Pak warns 26/11 'mastermind' Lakhvi will walk free
According to the latest communication from Pakistan earlier this month, Pak authorities claimed that legal action against Lakhvi is based only on Kasab's statement and it may be difficult for the prosecution to sustain the arguments without a firm decision from India on the commission.
Sources said Delhi is expected to agree to give the go-ahead to the Pakistan judicial commission while at the same time obtain an order from the trial court here to send a similar commission to Pakistan.
Pak authorities had turned down India's request to send a commission arguing that unlike their proposal, India's request was not backed by a court order. Given that there is no mutual legal assistance treaty between the two countries, such a request could not be entertained unless supported by a court order. For this purpose, the government will now approach the court concerned.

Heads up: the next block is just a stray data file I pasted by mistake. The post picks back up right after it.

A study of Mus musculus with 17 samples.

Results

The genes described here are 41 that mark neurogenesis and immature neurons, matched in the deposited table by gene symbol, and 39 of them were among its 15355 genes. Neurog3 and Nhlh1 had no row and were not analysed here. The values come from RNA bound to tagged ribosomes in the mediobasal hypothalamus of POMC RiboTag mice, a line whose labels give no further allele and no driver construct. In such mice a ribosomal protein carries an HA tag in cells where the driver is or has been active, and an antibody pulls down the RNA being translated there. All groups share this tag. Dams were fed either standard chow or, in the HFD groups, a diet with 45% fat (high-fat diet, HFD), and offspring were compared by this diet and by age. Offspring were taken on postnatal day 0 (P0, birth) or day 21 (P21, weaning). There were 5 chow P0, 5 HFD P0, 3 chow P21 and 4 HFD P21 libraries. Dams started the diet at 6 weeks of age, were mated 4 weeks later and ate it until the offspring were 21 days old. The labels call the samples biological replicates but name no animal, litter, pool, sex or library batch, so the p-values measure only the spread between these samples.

Pakistan had, under orders from the Rawalpindi trial court, requested that a three-member judicial commission — comprising a representative each from the prosecution and the defence along with a coordinator — visit India and authenticate what Kasab had said by meeting the investigating officer and the Additional Chief Metropolitan Magistrate who recorded the statement.
In the wake of Pakistan's recent communication, the government has decided to respond by March 3. Also, an invitation to Pakistan for the Home Secretary-level talks will be sent on Thursday.
Meanwhile, intelligence reports said that Lakhvi is not exactly under arrest — he is said to be quite functional and probably even moving around. To that extent, the Indian side is hoping that Pakistan does give access to an Indian commission.